With much of the professional world now telecommuting, hackers have taken notice and are finding vulnerabilities within Zoom’s software to hijack online meetings. Over 400 new domains have been registered through Zoom in just the last month, of which many have been found to contain suspicious content or activity. Other adware variants have been found spoofing Microsoft’s Teams videoconferencing while performing malicious activities in the background.
In a push to limit the spread of ransomware throughout the healthcare industry, Microsoft has begun reaching out to hospitals that have public-facing VPNs or other remote-access services that could allow malicious activity when improperly setup. With hospitals already overwhelmed with the current pandemic, a ransomware attack shutting down their systems for any time could be devastating. In the end, it comes down to these organizations taking this notification seriously and locking down any unsecure devices or networks.
A popular hacker forum recently received sensitive details on over 4.9 million alive and deceased citizens of the country of Georgia. It is still unclear where the database originated, but one of the users posting the leaked data claims it did not come from the country’s election commission. Much of the information stored in the database could be easily used to identify and locate any number of individuals. More worryingly, the criminals could use the data belonging to more than 1 million deceased individuals for illicit means.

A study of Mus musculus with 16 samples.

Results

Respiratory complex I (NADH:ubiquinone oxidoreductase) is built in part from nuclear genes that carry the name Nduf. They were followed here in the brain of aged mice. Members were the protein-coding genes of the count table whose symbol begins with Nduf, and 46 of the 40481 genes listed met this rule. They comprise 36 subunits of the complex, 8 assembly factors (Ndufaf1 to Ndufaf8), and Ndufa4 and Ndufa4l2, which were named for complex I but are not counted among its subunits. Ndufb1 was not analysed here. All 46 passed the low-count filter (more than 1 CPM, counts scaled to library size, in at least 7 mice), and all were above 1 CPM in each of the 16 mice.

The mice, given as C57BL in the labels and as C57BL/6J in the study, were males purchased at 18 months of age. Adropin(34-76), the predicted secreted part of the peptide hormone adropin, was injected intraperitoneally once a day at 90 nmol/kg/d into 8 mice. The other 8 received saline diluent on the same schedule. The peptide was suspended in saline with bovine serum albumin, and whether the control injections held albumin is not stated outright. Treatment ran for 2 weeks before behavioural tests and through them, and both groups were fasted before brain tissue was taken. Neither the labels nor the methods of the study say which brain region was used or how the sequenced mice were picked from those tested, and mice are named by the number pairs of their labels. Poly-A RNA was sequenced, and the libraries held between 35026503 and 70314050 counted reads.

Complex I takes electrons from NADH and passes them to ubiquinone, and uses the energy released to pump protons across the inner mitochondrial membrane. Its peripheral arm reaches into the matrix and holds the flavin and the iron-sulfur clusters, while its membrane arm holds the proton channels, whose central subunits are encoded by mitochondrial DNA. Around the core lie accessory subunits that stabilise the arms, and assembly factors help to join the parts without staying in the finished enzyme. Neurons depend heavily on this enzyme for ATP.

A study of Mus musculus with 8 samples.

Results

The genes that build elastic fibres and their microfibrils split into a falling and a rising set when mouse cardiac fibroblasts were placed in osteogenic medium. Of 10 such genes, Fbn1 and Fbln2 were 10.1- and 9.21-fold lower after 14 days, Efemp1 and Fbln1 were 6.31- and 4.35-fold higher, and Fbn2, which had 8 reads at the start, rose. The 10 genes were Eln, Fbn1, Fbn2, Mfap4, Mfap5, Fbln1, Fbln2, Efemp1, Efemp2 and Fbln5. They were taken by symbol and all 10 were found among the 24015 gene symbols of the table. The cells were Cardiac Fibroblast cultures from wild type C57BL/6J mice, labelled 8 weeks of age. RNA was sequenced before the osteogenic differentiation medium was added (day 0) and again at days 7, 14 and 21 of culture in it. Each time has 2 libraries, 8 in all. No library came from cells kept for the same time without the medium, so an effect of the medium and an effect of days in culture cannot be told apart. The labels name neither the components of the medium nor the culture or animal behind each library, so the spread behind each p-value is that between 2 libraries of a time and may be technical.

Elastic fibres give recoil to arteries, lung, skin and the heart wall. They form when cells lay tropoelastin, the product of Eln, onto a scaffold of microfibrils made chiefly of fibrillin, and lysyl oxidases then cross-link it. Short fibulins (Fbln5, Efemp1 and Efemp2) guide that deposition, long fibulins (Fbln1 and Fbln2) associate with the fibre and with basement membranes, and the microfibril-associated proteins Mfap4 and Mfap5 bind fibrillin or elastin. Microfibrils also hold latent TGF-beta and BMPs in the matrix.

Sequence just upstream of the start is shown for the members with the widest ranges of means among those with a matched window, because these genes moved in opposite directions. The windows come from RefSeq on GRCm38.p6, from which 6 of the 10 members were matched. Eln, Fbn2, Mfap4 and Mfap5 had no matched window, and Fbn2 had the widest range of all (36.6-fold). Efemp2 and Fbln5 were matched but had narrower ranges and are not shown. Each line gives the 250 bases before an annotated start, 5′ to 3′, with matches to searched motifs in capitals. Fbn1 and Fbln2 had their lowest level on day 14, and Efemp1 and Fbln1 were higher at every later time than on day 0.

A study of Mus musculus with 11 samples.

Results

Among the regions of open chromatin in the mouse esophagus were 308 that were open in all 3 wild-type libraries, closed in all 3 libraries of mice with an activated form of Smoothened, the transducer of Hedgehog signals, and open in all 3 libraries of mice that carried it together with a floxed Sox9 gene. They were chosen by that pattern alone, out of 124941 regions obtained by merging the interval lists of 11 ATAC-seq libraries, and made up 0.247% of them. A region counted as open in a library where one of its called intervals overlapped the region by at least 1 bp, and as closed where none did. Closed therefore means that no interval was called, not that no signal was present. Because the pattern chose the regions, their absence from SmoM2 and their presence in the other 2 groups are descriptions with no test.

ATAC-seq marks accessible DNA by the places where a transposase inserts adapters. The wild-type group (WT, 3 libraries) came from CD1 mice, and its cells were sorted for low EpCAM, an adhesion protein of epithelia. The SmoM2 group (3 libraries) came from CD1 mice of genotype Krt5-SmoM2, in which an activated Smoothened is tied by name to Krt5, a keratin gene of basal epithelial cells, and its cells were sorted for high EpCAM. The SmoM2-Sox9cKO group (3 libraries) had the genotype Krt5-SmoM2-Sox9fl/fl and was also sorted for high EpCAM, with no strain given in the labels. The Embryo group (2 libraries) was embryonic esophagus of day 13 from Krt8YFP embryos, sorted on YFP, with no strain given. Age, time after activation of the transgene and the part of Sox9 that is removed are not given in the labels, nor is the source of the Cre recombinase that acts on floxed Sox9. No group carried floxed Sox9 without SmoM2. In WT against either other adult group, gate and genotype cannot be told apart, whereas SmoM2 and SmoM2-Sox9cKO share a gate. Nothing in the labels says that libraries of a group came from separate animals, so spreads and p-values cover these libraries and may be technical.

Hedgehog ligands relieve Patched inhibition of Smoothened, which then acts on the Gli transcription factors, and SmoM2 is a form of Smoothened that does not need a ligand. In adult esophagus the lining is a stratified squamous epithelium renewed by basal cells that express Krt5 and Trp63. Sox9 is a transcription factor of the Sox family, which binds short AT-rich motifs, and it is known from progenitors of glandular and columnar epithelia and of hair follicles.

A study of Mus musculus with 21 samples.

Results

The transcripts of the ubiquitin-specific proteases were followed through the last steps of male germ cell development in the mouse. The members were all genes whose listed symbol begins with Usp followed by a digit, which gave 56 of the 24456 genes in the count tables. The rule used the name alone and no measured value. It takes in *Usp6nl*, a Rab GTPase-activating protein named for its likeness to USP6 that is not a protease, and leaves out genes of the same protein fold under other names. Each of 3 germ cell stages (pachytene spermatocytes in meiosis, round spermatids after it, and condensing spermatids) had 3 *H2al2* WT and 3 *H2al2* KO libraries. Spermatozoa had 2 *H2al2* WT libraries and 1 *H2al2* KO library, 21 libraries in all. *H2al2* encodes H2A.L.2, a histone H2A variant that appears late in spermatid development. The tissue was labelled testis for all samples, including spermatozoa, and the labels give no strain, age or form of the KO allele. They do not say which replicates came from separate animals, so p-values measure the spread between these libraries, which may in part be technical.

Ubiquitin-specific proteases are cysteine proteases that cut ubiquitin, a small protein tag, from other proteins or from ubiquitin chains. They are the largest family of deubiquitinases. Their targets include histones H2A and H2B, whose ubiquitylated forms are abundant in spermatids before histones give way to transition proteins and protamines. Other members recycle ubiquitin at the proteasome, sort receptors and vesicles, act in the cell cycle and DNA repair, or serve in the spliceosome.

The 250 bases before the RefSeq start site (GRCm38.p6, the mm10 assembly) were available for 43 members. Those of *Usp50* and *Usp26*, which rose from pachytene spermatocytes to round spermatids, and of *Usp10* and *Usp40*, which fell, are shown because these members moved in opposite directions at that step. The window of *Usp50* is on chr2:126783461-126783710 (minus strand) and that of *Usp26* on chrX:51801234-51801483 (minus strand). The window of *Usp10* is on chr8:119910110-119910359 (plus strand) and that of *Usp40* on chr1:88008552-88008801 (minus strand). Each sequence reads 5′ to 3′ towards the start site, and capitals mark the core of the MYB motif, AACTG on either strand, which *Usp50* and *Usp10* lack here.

Officials have been working over the past month to identify the source of a data leak from an internal Marriott International application, which may have compromised the data of over 5 million customers. While the app itself didn’t collect payment of personal information, it did contain basic contact info and other hotel-related information. Fortunately, Marriott International has begun offering credit monitoring services for all affected clients and has pushed a mandatory password reset for their loyalty programs.
Many YouTube accounts were recently hijacked and renamed to variations of ‘Microsoft’ while streaming hours of cryptocurrency scams, all while pretending to be Bill Gates. These types of scams used to be extremely common on Twitter but have dropped off in recent years as the platform implemented security measures, so the scammers have switched to a more forgiving platform. Microsoft commented that the hijacked channels neither belonged to them, nor were they affiliated in any way.